Bangladesh, India, China and Myanmar are likely to sign an agreement to build a transnational highway that will eventually turn Bangladesh into a hub of connectivity between South and Southeast Asia.
The framework agreement may be inked in December in New Delhi at the third intergovernmental meeting on the proposed Bangladesh, China, India, Myanmar Economic Corridor (BCIM-EC), according to foreign ministry officials.
The deal is aimed at boosting trade and investments and tapping regional economic potentials. It will help Bangladesh get optimum return from its proposed deep-sea port that could be used by all four countries, they said.
“The foreign ministry, the Centre for Policy Dialogue and Bangladesh Institute of International and Strategic Studies are jointly conducting a study to identify possible areas of cooperation under the corridor,” said former director general of the foreign ministry Sheikh Mohammad Belal, who was involved in the BCIM-EC initiative.
Talking to The Daily Star, Prime Minister's Adviser on Foreign Affairs Gowher Rizvi said, "Bangladesh wants to be the hub for connectivity between South and Southeast Asia, and the corridor fits exactly into that.”
“Bangladesh also stands to gain because it will allow the country to expand economic ties with India, China and Myanmar."
The adviser, however, said it would require big investments to establish the corridor. Construction of roads might be “technically feasible”, but it will take time to get funding.
Besides, coordination among the four governments could be time-consuming, he said.
"But in the meantime, we can develop, along the planned corridor, pockets of economic activity and industrial park so that while the corridor comes into being, we shall have a very flourishing economy."
The K2K (Kunming-Ruili-Bhamo-Lashio-Mandalay-Tamu-Imphal-Sylhet-Dhaka-Kolkata) route, which is 2,800 km long and part of the historic Silk Route, offers the best condition to be used as the corridor, according to a concept paper on the BCIM-EC.
The paper was presented at an inter-ministerial meeting in Dhaka on February 6.
With roads, railways, airlines, water routes, telecommunication networks and energy pipelines, the corridor will connect Southwestern China, Eastern and North-Eastern India, Myanmar and Bangladesh to form a thriving economic belt.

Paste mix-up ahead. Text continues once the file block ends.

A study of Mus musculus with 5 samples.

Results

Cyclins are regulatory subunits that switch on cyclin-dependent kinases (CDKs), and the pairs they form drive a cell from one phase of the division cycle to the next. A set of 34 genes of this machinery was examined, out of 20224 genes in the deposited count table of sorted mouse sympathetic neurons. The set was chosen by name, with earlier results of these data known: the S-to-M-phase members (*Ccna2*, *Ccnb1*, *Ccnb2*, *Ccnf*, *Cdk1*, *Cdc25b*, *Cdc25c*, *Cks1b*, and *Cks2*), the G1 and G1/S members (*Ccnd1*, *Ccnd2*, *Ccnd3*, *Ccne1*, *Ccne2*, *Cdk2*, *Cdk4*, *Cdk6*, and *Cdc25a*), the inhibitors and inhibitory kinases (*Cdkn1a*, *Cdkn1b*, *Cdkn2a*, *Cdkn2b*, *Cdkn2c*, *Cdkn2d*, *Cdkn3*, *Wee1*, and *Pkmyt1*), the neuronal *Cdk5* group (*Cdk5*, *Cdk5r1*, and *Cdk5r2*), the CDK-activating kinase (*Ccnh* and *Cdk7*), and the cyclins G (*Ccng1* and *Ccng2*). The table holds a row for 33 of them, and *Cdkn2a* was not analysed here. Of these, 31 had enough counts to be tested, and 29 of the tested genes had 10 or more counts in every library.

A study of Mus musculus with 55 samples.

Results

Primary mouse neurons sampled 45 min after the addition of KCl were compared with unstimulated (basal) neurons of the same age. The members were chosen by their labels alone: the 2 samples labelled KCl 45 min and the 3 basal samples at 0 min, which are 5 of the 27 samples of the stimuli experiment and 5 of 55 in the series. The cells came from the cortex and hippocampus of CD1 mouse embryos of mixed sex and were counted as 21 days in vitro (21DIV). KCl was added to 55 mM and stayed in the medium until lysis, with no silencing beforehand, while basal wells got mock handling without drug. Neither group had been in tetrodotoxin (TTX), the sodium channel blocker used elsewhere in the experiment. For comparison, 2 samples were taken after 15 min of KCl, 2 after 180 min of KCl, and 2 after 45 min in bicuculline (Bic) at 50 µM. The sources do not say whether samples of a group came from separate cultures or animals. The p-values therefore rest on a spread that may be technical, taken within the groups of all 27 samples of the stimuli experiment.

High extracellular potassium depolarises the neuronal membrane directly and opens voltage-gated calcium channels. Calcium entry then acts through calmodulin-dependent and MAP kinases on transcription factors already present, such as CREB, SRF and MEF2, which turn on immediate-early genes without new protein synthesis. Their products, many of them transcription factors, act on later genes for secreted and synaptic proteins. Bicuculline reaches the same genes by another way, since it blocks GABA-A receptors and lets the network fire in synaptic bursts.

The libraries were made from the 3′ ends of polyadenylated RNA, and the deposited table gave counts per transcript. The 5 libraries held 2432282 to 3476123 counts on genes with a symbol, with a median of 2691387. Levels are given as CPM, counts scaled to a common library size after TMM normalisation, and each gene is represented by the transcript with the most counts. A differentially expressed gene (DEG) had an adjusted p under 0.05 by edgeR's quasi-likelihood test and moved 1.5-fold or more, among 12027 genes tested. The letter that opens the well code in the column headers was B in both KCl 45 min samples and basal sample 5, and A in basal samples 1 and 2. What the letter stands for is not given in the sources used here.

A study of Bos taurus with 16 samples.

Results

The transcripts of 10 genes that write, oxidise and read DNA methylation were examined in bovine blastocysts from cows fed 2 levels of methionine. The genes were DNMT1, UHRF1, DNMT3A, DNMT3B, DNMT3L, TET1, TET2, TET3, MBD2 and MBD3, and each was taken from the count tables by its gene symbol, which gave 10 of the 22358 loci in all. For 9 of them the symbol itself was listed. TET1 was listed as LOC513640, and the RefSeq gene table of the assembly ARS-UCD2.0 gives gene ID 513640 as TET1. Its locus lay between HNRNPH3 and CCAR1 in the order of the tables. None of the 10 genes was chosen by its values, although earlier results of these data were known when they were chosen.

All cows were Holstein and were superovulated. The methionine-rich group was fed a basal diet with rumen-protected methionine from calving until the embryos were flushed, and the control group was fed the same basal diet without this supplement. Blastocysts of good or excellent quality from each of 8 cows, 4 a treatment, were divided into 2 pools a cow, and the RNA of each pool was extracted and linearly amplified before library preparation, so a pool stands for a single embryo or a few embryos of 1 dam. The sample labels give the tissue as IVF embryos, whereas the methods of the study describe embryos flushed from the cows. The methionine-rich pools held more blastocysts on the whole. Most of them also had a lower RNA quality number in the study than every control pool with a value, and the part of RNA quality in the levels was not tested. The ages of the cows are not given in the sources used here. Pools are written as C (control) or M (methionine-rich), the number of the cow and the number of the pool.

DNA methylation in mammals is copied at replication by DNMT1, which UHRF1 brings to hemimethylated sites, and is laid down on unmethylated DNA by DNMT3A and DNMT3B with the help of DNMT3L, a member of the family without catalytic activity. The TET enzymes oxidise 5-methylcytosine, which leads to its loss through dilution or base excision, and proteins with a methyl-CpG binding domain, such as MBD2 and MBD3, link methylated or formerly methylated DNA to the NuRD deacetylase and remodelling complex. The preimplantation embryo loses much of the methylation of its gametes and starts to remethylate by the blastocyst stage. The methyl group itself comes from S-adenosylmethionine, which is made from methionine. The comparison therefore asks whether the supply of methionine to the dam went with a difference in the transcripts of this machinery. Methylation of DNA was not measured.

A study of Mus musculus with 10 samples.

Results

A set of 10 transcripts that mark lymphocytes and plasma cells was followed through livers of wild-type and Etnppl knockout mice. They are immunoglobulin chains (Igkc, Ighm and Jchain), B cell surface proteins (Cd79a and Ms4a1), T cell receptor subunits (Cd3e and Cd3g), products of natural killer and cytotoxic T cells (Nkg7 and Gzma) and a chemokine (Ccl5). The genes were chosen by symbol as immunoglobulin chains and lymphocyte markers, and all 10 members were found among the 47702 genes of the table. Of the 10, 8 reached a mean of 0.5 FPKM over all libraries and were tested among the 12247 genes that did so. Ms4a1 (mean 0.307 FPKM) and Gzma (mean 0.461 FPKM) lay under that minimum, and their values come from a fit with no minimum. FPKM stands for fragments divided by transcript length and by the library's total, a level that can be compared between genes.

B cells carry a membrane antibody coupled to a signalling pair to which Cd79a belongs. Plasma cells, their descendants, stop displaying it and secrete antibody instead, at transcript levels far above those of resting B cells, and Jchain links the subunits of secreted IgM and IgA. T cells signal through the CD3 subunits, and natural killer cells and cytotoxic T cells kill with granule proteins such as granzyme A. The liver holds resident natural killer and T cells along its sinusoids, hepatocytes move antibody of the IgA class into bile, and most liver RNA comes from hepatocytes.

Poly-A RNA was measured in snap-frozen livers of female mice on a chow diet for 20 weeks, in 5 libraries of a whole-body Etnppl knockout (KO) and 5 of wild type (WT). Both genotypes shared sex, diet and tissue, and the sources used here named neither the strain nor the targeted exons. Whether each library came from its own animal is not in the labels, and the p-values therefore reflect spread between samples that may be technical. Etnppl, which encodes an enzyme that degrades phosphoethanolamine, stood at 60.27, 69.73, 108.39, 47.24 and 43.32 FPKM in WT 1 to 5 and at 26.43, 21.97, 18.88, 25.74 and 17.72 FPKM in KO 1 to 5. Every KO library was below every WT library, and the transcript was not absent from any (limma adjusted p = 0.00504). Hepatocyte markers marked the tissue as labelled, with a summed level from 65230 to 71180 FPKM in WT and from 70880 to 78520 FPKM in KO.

The paper outlines the growing competition between China and India on political and economic fronts and the Myanmar refugee issue as areas of concern at country level.
Inadequate market access, non-tariff barriers, insufficient physical connectivity and lack of favourable banking and financial mechanisms might pose challenges at sector level, it says.
Besides, intra-BCIM trade has remained fairly low though it increased -- mainly driven by China and India -- from $6 billion in 2001 to $90 billion in 2011. And the contribution of Bangladesh and Myanmar is meagre.
The trade potential of the corridor stands at $132 billion, according to a study by Research and Information System for Developing Countries in India.
According to Bangladesh foreign ministry's concept paper, the country can benefit immensely from regional cooperation on energy, as it can purchase unused power from Sikkim in India that plans to exploit its hydrocarbon resources.
Bangladesh can also increase trade with Myanmar, as the two countries share a border of 160 miles. It can also gain similar benefits from China and India.
Allowing China to link up with the planned deep-sea port in Sonadia would be a lucrative offer for the economic giant, as Yunnan province is nearer to Chittagong than it is to Shanghai or Beijing, said the paper.
The BCIM-EC initiative began mainly as a private sector effort in 1999 with the launching of a joint forum of Bangladesh's CPD, China's Yunnan Academy of Social Sciences, India's Centre for Policy Research and Myanmar's border trade ministry.
It got a boost last year when China and India showed interest in utilising the BCIM framework for enhancing connectivity in the region. Bangladesh and Myanmar also responded positively.
The first inter-governmental meeting on the BCIM-EC took place in Kunming of China in December last year.
It decided that the four countries would separately prepare 11 study reports on issues such as scope and elements of the corridor, framework of cooperation, connectivity, energy, investment and financing, trade in goods and services, trade facilitation and people-to-people contact.
A combined report based on sector-wise studies by the four countries is likely to be produced at the second inter-governmental meeting on the BCIM-EC in Chittagong in June.
The report will contain details of the projects and financing required for establishing connectivity under the corridor that will cover 1.65 million square kilometres and touch the lives of 44 crore people, said officials.
Prof Mustafizur Rahman, executive director of the CPD, said trade and investment would go up if transport connectivity is established between the four countries.